A majority of the meal planning for the Mediterranean diet consists of fresh fruits and vegetables. A sample days meal menu consists of: a pumpkin-gingerbread smoothie for breakfast, Macaroni with Milk (Macoroni oil-Hali) for lunch, and Trout with Wilted Greens for dinner. Your suggested snacks during the day: Mango-Pear Smoothie, cashews and raisins, low-fat ricotta cheese with peaches, hummus, and seed and nut snack bars.
Choose Liquid Calories Wisely. Sweetened drinks pile on the calories, but don't reduce hunger like solid foods do. Satisfy your thirst with water, sparkling water with citrus, skim or low-fat milk, or small portions of 100% fruit juice. Try a glass of nutritious and low-calorie vegetable juice to hold you over if you get hungry between meals. Be careful of alcohol calories, which add up quickly. If you tend to drink a glass or two of wine or a cocktail on most days, limiting alcohol to the weekends can be a huge calorie saver.
When it comes to the "best" diet for most people, this one consistently ranks at the top of every list. If you can't afford a cruise to the Mediterranean (yet!), at least you can eat like the beautiful, long-living, and famously healthy people from the region. The Mediterranean diet teaches you to eat like a Sardinian, one of the "blue zones" identified by researchers as having a high number of people living past 100—by eating more fish, olive oil, healthy fats, and fresh vegetables. The point is to have not just a longer life but also a healthier and happier one, whether you're trying to lose weight or not. (Really—research shows that you can reap the benefits of the Mediterranean diet without cutting calories.)
Roussell recommends closely tracking your progress, so you don’t lose motivation. "If you track progress in a detailed way, you'll notice change happening. Measure data points like your chest, waist, arm size, and body-fat percentage with a tape measure—it’s possible that you can stay the same weight, but lose inches off your waist and other areas as your body tones and tightens,” he explains. “Don’t expect to lose two pounds per week every single week until you reach your goal."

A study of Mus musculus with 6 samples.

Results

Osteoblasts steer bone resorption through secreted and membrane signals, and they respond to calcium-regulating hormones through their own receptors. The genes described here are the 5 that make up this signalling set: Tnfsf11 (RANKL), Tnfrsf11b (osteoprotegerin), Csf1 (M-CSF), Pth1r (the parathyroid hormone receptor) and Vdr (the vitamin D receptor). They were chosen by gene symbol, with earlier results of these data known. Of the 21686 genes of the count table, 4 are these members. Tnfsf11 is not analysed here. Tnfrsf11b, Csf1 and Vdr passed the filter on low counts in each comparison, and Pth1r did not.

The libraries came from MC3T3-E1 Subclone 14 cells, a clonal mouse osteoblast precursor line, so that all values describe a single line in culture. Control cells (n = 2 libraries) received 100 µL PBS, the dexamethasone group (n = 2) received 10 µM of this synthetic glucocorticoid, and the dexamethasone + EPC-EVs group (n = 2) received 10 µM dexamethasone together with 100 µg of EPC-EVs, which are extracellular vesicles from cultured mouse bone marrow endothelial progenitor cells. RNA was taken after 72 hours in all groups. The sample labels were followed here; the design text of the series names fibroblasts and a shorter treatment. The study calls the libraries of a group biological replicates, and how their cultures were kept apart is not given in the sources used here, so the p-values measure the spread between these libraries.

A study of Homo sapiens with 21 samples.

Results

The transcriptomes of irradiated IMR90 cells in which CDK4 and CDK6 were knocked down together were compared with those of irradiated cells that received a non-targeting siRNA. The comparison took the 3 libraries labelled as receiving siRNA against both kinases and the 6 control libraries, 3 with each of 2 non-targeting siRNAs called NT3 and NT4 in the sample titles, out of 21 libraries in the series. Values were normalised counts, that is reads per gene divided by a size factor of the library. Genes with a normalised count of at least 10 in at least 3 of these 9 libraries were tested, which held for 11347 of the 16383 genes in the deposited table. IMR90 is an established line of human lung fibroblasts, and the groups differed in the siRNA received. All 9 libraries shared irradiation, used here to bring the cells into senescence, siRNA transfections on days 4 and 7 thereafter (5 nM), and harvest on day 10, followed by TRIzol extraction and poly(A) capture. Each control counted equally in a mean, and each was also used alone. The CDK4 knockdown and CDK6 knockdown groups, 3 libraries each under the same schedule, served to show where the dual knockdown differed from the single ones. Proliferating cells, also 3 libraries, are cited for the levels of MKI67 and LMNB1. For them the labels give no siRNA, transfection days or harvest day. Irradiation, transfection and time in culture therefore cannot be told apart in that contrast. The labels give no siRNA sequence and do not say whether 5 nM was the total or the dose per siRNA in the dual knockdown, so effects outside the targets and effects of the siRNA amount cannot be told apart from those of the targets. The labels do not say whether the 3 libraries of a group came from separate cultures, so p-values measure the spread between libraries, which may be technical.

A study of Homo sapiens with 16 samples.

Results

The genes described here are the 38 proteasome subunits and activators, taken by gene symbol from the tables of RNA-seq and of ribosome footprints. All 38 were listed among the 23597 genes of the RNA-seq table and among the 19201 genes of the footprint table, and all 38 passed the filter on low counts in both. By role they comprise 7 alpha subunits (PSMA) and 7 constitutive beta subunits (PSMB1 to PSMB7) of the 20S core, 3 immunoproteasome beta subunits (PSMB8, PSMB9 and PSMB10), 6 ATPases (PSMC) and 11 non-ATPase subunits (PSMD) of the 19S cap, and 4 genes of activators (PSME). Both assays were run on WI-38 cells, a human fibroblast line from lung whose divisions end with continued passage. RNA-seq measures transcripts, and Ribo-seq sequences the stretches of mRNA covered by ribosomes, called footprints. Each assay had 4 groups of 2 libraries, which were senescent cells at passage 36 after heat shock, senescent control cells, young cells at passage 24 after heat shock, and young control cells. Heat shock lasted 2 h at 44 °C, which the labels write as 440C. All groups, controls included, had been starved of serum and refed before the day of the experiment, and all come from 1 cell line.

Yes, they're technically a fruit, but we think olives deserve a shout-out all of their own, since they're also a great source of healthy fats and are one of a few keto-approved packaged foods. Plus, they're a great source of antioxidants, will satisfy your craving for something salty, and are blissfully low-carb. “About a palm's worth only has 3 grams of net carbs,” Sarah Jadin, RD, told Health in a previous interview.
Make things yourself. While it’s extremely convenient to buy most things pre-made or pre-cooked, it always adds to the price per pound on items. Try prepping veggies ahead of time instead of buying pre-cut ones. Try making your stew meat from a chuck roast. Or, simply try to make your mayo and salad dressings at home. The simplest of things can work to cut down on your overall grocery shopping.
The keto diet isn’t new, and it’s been around for nearly a century. It was originally developed to treat people with epilepsy. In the 1920s, researchers found that raised levels of ketones in the blood led to fewer epileptic seizures in patients. The keto diet is still used today to treat children with epilepsy who don’t respond well to anti-epileptic drugs.
We’ve now arrived at tip number 16. If you’re still having trouble losing weight, despite following the 15 pieces of advice listed above, it might be a good idea to bring out the heavy artillery: optimal ketosis. Many people stalling at weight plateaus while on a low-carb diet have found optimal ketosis helpful. It’s what can melt the fat off once again.
Reduced hunger. Many people experience a marked reduction in hunger on a keto diet. This may be caused by an increased ability of the body to be fueled by its fat stores. Many people feel great when they eat just once or twice a day, and may automatically end up doing a form of intermittent fasting. This saves time and money, while also speeding up weight loss.